March 27, 2017


For CF4, think of it this way.
There is a dipole between each C and F since the electronegativities are different (C abouat 2.1 and F about 4.0). BUT CF4 is a tetrahedral molecule and the symmetry of the tetrahedral shape cancels the resultant dipole moment and the dipole moment of the molecule is zero. It may be easier to see with the SO3 since that is trigonal planar. Let dots represent oxygens.

Well from my very limitted knowledge of organic chemistry... The first three molecules you mentioned are completely symmetric in the distribution of the Hs Os and Fs about the carbon. With the H2CF2 however you have a tetrahedral molecule in which the Fs occupy one side of the molecule and the Hs the other side. Since the Fs attract the electrons more strongly than the Hs, the F side of the molecule is more - creating the dipole moment. To help visualize this google search molecular geometry and find a picture of the tetrahedral configuration. As you will see any location of the Fs and Hs results in this unsymmetric configuration. Hope this helps.

I'm sorry that I wasn't too clear. I understand that if all dipoles cancel then that molecule is non-polar but what I don't understand is how they cancel? Is it all based on symmetry and if it is; does the directions of the electronegativity have to pointing in the same direction when using symmetry?

yes and yes. Thus, all the bonds are equal in CF4. CF3Cl would have a dipole moment, as will CF2Cl2 and CFCl3. But CCl4, CF4, CH4, and CI4 will not. For octahedral, MX6 will be symmetrical but MX5Y will not. MX6 will not have a dipole moment because of the symmetry and all of the M-x dipoles canceling but all of the small individual M-X won't cancel when we have 5 M-x and 1 M-y for the MX5Y molecule. The symmetry thing is how we know H2O is not a linear molecule. If it were linear, as in H-O-H the the individual H-O dipole would cancel the O-H dipole and the result would be zero for H2O. BUT we can measure a dipole moment for H2O which means it must NOT be linear. In fact, the H2O molecule is quite easy to see how the symmetry makes the dipoles cancel if the molecule is linear.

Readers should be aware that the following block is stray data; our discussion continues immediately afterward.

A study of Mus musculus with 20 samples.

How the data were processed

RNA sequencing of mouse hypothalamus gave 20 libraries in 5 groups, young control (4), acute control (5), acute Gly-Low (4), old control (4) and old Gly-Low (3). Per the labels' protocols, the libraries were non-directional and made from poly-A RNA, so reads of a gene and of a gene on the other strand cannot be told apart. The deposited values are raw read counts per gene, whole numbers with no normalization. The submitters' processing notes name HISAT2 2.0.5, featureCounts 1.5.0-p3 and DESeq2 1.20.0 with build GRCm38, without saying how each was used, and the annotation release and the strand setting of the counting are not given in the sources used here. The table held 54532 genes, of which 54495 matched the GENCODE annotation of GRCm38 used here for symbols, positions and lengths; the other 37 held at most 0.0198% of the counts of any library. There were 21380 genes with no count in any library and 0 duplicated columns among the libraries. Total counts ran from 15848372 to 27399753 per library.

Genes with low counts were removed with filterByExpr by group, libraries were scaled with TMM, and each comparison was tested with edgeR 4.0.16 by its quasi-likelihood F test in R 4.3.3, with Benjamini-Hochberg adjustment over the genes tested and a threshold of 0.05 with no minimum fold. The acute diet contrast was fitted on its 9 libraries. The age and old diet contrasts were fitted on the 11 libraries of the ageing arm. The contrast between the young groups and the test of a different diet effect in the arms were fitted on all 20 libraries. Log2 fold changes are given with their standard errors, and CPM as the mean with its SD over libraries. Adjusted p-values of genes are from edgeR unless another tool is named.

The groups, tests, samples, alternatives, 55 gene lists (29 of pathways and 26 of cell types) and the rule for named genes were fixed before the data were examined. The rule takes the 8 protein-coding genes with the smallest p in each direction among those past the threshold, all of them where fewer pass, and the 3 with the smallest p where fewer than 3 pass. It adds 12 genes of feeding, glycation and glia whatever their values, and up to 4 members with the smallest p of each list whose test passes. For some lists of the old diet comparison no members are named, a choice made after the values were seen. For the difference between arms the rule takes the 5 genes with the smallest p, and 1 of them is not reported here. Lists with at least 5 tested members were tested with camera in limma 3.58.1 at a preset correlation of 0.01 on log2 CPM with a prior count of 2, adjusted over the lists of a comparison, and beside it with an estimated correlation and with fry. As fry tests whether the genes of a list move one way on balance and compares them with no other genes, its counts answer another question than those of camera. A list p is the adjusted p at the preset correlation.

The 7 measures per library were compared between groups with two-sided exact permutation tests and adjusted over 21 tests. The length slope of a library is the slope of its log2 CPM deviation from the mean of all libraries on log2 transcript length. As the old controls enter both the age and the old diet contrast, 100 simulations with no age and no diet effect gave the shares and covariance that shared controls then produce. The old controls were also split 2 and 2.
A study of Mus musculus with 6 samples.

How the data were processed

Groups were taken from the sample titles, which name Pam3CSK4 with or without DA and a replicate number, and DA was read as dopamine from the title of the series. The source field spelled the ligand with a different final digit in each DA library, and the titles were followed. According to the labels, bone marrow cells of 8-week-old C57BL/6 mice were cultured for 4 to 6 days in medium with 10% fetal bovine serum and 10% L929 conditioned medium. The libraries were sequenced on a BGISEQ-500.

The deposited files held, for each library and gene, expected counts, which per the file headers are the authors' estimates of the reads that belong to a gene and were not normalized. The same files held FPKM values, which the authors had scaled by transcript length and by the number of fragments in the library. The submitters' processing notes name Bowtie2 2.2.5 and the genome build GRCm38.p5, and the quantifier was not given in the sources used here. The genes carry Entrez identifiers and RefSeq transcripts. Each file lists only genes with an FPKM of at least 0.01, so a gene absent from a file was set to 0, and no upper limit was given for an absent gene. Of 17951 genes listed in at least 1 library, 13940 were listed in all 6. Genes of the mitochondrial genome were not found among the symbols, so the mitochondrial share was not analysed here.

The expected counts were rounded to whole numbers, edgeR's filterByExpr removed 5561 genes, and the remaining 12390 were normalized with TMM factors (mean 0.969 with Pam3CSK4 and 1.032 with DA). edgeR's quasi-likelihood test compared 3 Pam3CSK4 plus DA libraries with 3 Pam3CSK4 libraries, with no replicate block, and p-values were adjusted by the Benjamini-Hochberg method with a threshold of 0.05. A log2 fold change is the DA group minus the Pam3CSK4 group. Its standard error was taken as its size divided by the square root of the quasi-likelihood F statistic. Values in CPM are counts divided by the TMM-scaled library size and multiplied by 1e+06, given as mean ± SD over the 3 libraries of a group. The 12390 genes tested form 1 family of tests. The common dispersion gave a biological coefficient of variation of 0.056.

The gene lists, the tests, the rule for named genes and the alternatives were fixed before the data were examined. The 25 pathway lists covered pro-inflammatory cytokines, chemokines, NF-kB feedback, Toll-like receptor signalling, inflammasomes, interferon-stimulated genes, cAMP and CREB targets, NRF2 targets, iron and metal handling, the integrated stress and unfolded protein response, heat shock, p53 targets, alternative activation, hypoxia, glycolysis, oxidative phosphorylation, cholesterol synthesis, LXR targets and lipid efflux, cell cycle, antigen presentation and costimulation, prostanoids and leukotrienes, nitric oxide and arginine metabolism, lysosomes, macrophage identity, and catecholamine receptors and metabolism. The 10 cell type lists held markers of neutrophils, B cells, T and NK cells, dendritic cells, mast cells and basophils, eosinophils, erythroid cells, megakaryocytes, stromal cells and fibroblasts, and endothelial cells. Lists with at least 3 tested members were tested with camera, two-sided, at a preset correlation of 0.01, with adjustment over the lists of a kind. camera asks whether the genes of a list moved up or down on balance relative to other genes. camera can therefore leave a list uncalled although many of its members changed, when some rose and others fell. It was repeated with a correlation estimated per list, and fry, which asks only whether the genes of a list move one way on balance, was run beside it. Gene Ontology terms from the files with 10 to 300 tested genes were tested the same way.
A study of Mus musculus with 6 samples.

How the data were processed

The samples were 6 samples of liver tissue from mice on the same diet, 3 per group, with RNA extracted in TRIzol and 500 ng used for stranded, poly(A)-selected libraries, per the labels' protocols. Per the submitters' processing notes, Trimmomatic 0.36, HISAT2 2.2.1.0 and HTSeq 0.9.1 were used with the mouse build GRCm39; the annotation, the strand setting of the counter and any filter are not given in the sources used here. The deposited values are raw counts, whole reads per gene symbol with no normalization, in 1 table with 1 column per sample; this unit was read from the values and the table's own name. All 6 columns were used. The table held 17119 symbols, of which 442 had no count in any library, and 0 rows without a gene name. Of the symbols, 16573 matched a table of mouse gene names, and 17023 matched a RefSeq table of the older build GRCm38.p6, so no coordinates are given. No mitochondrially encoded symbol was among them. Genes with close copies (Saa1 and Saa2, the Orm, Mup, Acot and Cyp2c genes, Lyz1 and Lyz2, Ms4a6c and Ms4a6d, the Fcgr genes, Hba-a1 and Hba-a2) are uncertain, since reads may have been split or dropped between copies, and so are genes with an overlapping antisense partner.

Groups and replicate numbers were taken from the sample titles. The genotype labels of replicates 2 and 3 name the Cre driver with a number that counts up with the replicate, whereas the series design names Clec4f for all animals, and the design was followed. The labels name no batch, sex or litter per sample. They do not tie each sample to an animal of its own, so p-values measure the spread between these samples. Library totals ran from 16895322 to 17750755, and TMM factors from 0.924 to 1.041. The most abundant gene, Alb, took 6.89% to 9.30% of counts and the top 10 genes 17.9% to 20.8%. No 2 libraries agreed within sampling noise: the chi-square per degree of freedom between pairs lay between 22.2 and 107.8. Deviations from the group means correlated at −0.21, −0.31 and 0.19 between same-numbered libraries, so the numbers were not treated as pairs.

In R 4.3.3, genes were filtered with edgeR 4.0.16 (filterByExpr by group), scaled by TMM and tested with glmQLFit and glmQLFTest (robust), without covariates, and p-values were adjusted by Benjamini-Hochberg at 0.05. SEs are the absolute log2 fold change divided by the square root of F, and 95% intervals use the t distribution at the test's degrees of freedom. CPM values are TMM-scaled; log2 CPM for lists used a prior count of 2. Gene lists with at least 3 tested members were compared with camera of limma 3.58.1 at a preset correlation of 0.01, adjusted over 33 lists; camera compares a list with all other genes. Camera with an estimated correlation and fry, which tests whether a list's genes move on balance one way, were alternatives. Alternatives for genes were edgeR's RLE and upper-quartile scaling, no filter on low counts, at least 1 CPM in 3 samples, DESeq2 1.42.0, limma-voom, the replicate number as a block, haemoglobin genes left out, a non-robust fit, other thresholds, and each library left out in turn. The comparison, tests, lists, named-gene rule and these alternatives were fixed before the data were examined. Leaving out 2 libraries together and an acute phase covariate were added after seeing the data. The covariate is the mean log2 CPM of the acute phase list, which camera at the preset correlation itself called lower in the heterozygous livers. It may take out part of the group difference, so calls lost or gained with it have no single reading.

Thanks, to both of you, you helped me out a lot! Now I'll be able to pass the "lovely" Chem. quiz on Tuesday! Have a g'night.

It just dawned on me what you meant by direction and my answer of yes may or may not be on the mark depending upon how you look at it. Look at the H2O molecule again.
The H-O-H linear arrangement has a slight + charge on the left H and a slight negative charge on the O. Mark that on a sheet of paper. Then on the other side, we have a another slight - on O and the H is +. Now draw an arrow on the left side going from - to + and on the other side another arrow going from - to +. See the arrows go in opposite directions so their effect cancels.